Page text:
Facial Nerve Conditions

Types and Causes of Facial Paralysis

Facial paralysis has many different causes. The Emory Facial Nerve Program treats all types of facial nerve disorders.

Bell's Palsy
Bell's palsy is the most common cause of facial paralysis. This disorder can be temporary and reversible, but in some cases it can lead to permanent facial spasms and tightness.  Most often, it affects just one side of the face. Symptoms appear suddenly and can be anywhere from mild to severe. It’s believed the cause of the condition is a viral infection that swells or inflames the facial nerve.

Ramsay-Hunt Syndrome
This syndrome is classified by a painful rash around one ear, hearing loss and facial paralysis. It shows up when the varicella-zoster virus — the same virus that causes shingles and chickenpox — affects the hearing and facial nerves It’s believed that those who get the disorder have an infection in the facial nerve near the inner ear, which causes irritation and a swollen nerve. Adults mainly have this condition, although sometimes it appears in children.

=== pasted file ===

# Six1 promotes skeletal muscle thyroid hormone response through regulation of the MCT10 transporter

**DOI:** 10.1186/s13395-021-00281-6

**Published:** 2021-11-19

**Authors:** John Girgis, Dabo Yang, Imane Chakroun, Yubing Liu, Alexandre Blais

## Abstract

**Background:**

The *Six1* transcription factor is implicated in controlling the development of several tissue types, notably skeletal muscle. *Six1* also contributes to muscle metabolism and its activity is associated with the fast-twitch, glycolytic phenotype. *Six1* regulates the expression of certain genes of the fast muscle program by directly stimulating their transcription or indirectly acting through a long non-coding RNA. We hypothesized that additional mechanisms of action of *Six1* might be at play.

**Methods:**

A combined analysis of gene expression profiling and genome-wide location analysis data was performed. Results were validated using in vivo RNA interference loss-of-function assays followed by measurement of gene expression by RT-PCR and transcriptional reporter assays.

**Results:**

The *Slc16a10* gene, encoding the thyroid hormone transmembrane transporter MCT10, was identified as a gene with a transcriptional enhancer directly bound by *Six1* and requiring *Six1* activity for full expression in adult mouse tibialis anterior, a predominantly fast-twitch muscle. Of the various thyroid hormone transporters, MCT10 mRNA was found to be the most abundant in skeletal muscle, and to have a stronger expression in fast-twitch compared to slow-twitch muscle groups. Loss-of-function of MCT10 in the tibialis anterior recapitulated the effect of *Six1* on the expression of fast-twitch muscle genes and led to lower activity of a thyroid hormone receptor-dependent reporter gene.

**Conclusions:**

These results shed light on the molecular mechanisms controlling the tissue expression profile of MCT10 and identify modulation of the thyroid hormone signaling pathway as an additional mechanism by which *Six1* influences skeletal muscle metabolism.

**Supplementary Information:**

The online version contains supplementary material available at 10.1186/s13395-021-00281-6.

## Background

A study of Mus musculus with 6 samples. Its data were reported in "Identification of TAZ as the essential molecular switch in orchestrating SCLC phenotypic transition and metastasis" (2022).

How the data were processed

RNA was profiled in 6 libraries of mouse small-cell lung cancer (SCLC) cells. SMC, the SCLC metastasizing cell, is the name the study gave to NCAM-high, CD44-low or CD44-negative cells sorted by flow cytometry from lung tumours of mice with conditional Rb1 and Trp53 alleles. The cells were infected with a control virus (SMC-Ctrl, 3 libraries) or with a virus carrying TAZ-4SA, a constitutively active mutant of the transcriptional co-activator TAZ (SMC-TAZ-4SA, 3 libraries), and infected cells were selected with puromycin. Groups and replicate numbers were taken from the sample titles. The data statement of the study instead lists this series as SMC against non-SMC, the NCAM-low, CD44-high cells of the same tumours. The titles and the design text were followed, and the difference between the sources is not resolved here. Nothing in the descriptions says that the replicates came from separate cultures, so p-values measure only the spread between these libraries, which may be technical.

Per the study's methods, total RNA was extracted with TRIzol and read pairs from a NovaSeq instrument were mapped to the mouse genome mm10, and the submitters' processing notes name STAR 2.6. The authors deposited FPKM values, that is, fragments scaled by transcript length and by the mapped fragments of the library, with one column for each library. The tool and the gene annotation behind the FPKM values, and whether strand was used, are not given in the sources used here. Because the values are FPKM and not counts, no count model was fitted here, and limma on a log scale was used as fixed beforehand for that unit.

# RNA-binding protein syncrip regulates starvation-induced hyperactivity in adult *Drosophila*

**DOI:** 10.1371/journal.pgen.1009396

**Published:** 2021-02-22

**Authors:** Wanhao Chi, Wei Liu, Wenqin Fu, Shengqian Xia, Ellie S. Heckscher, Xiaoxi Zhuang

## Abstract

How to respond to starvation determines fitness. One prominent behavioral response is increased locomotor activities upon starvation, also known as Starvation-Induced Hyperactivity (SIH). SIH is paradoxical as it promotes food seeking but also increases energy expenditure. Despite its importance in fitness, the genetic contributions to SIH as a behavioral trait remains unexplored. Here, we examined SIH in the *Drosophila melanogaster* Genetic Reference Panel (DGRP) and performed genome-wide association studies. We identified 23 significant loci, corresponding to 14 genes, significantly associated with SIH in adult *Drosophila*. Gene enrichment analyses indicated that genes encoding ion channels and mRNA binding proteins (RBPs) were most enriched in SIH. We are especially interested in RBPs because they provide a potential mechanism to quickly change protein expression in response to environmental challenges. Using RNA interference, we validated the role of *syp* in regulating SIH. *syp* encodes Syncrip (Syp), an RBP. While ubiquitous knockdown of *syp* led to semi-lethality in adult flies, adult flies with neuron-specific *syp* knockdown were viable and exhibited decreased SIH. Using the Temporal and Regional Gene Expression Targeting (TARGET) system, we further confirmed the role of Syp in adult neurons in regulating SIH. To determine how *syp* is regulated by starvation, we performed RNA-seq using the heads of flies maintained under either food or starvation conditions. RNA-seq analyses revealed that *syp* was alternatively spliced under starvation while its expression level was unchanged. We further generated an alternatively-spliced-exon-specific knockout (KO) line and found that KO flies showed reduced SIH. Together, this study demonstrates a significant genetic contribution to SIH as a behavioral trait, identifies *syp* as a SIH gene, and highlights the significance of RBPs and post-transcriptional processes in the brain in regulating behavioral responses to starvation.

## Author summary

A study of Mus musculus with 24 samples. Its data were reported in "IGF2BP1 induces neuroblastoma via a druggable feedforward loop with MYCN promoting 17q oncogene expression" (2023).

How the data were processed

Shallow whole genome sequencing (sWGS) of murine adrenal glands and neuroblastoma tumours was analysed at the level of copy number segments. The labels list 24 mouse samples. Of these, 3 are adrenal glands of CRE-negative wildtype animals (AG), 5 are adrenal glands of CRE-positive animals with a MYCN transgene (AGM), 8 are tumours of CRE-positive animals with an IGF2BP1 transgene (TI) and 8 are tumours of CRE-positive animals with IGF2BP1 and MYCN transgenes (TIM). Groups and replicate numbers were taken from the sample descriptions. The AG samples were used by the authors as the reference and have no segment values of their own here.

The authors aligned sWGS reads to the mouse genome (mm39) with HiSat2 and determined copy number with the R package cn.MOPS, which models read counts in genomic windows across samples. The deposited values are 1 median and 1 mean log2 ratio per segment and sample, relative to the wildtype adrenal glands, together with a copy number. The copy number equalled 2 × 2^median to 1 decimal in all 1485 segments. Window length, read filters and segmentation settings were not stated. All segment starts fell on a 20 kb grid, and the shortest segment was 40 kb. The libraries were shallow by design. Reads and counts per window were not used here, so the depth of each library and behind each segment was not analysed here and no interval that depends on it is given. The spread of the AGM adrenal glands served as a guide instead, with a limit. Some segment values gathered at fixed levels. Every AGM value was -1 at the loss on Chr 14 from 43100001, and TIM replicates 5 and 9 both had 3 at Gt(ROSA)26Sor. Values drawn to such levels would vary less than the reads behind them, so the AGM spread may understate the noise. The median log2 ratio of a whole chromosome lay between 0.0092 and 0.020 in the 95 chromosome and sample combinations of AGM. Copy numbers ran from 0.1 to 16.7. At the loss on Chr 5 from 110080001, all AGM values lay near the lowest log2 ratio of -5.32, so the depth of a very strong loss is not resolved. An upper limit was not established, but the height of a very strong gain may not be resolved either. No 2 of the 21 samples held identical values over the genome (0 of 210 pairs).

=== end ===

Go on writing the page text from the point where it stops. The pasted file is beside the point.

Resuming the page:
Facial Nerve Damage
Can be caused by:

  • Trauma, such as an injury to your head or face
  • Injury to the facial nerve as the result of surgery
  • Benign (noncancerous) or cancerous tumors within or near the facial nerve
  • Neurological conditions, such as a stroke, that affect the nerves in the face

Hemifacial Spasm
This disorder appears as frequent contractions you can’t control, usually on one side of your face. The condition may be caused by a tumor or a facial nerve injury, or it may not have a clear cause.